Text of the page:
A lack of action, urgency and impact underlies key policies


Last week, I had the privilege of attending a finance roundtable at the White House and the opportunity to participate in Q&A sessions with the highest-ranking economic officials in the administration – including President Obama himself.

I asked for your questions, and through dozens of emails and even more comments in the forums of, you gave me the ammunition for some hard questions for Obama and his team.

There were a number of good questions asked of White House officials at last week’s summit. And while the answers were often well-crafted and non-controversial, a closer read of the responses reveals some important insight into what Obama’s economic team is doing to fix things right now.

Or more particularly, what they aren’t doing to fix things.

Now that I’ve had a chance to go through my notes, I’d like to share three key topics from last week’s White House summit that could be of grave concern to investors:

Reason to Panic No. 1: Slow and Steady May Not Win This Race

Obama’s youngest Cabinet member and chairman of the Council of Economic Advisors, Austan Goolsbee, was the first official to visit us for a Q&A. He was defensive about the unemployment picture right out of the gate, and urged perspective on the disappointing May numbers that caused the unemployment rate to rise to 9.1%.

His stance? The long-term trend is more important than “a variable series like the monthly job numbers.” Goolsbee warned the financial journalists in attendance not to “overreact.”

Fair point – and the focus on sustainable job growth and not another boom-and-bust cycle is admirable. In fact, it’s one of the  biggest reasons I found for optimism over Obama’s economic policy.

However, Peter Goodman of AOL/The Huffington Post was sharp enough to interject the concern many Americans share: Slow and steady growth is all well and good, but where is the sense of urgency?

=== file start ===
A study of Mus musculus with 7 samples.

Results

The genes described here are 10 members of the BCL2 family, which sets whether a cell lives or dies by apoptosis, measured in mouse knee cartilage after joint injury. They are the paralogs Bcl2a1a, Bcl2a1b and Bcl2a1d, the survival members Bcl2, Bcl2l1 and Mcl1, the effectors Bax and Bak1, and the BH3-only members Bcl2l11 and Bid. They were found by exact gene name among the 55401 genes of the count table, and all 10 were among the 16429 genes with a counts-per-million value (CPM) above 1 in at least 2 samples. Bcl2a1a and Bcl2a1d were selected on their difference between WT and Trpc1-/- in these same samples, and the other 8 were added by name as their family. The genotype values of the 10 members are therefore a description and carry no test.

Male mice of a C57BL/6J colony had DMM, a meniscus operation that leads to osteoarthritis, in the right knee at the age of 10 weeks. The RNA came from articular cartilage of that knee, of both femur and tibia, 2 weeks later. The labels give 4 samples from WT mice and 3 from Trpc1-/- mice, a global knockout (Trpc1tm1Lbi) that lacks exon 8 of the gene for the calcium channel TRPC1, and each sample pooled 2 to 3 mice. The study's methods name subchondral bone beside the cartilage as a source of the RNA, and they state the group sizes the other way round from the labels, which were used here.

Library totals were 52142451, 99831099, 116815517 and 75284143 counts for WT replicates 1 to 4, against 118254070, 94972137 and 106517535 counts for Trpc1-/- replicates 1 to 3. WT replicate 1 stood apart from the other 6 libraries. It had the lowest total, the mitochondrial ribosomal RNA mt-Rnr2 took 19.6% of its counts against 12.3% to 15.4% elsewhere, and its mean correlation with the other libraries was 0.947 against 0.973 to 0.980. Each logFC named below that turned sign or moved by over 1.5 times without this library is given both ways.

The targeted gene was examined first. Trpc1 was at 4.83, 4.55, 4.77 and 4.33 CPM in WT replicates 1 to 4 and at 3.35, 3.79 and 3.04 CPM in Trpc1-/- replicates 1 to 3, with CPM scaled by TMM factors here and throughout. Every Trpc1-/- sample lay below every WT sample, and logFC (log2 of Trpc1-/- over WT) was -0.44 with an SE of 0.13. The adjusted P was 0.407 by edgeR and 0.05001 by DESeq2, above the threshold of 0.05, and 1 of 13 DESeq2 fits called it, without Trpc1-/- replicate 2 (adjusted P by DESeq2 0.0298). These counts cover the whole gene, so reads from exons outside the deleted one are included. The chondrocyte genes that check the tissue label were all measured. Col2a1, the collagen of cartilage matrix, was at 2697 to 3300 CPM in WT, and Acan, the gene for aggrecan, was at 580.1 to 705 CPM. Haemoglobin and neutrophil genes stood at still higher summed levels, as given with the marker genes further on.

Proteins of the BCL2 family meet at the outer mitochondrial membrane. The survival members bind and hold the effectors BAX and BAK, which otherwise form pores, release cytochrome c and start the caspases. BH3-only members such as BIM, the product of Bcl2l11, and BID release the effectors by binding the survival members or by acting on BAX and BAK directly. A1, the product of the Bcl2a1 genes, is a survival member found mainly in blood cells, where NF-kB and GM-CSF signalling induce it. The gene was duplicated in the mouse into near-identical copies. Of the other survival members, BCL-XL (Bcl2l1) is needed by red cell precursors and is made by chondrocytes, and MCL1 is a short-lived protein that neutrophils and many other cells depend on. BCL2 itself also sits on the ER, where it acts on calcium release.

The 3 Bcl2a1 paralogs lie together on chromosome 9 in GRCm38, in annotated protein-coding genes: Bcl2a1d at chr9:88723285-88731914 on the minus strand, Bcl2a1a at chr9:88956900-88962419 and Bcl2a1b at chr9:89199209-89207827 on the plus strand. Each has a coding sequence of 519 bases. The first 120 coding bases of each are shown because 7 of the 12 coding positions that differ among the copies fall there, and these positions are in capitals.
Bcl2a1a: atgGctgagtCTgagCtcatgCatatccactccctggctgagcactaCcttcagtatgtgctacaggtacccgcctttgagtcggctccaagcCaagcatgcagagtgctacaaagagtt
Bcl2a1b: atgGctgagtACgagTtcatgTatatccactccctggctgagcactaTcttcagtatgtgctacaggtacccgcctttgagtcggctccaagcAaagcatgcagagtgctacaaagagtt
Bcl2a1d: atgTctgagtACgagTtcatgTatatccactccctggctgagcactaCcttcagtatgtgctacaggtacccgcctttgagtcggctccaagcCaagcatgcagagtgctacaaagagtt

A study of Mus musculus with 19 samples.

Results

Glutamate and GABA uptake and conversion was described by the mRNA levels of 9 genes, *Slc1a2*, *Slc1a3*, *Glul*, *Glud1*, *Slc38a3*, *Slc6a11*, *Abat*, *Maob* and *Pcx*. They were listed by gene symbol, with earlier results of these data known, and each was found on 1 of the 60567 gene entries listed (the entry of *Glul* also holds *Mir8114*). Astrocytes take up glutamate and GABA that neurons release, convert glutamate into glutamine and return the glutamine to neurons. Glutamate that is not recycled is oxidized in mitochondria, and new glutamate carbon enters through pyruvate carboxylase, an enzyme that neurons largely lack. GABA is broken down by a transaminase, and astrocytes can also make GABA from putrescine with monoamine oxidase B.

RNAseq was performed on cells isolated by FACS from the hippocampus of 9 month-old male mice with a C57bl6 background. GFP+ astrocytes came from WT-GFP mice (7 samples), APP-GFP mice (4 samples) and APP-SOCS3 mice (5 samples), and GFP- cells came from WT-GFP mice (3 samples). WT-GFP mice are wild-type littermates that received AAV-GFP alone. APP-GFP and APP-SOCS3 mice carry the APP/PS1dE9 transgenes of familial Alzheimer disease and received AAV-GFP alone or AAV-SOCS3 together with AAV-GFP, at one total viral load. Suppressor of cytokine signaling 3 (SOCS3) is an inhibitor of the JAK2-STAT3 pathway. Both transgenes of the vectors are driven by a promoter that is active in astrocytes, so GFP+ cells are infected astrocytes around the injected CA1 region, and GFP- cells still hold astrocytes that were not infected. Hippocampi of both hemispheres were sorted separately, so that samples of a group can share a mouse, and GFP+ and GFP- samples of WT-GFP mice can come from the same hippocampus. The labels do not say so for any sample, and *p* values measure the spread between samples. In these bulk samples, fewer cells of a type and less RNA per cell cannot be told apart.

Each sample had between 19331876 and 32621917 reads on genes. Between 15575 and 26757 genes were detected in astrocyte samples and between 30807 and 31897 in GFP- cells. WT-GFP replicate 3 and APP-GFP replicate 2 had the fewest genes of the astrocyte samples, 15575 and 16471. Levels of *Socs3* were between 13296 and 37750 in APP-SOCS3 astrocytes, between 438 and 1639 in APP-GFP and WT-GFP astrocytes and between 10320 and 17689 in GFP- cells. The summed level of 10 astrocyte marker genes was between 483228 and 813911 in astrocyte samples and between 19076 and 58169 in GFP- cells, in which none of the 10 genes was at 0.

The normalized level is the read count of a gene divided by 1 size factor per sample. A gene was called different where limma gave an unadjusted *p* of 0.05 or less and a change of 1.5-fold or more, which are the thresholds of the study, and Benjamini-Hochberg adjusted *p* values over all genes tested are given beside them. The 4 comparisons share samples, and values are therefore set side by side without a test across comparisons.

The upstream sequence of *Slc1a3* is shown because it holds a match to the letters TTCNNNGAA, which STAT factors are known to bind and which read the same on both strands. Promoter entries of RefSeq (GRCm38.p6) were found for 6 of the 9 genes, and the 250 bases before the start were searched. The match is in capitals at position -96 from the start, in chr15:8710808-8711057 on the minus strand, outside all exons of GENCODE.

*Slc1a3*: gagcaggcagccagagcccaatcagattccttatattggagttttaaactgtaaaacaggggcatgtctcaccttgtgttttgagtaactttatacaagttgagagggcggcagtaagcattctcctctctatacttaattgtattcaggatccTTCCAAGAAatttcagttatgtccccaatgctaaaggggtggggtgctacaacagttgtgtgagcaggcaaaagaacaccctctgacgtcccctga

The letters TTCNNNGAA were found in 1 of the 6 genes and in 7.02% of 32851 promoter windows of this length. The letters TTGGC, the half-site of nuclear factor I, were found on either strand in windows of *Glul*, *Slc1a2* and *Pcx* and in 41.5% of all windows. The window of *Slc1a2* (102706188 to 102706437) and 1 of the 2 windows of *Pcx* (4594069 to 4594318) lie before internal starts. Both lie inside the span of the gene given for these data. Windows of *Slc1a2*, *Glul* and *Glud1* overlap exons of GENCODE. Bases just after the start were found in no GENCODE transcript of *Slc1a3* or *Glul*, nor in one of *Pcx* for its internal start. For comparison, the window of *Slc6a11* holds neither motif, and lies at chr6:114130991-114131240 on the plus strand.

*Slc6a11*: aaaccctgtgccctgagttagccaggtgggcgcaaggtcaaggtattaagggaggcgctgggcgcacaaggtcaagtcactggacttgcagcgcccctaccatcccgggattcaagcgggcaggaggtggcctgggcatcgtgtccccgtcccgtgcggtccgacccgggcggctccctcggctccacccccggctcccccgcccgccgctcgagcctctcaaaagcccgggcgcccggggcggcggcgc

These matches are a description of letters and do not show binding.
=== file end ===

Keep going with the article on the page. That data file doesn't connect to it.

Goolsbee demurred. He said there is indeed a sense of urgency, but not “a sense of panic.”

Unfortunately, he also let a bombshell drop rather nonchalantly: That the average unemployment predicted by the White House across 2011 was 9.3% – making 9.1% “ahead of schedule.”

Who’s schedule involves barely beating 9.3% unemployment something to cheer about?

Since Goolsbee tap-danced around Peter’s question, I tried another tact: If we are “on schedule,” I asked, does that mean Americans who expect significant improvement on the unemployment front are just plain unrealistic and those out of work need to readjust their expectations?

Goolsbee’s response to me and my colleagues was that “the president’s the first to say ‘That’s not enough. We’ve got to do more.’” But as for setting America’s expectations, he seemed to believe that was on the media and the public – not the administration.

“If you’re relying on me for your message, you’re making a terrible mistake,” he said.

Not very inspiring. Nobody was disputing the value of one million jobs in sustainable businesses, but the point of our questions was to see whether Obama’s team was truly in touch with the severity of the downturn and whether they understood the urgent need to fix the job market.

The answers we got were a variation on “be patient.” I hope the Obama team has a better slogan than that in store for the 2012 race, because I don’t think that will cut it.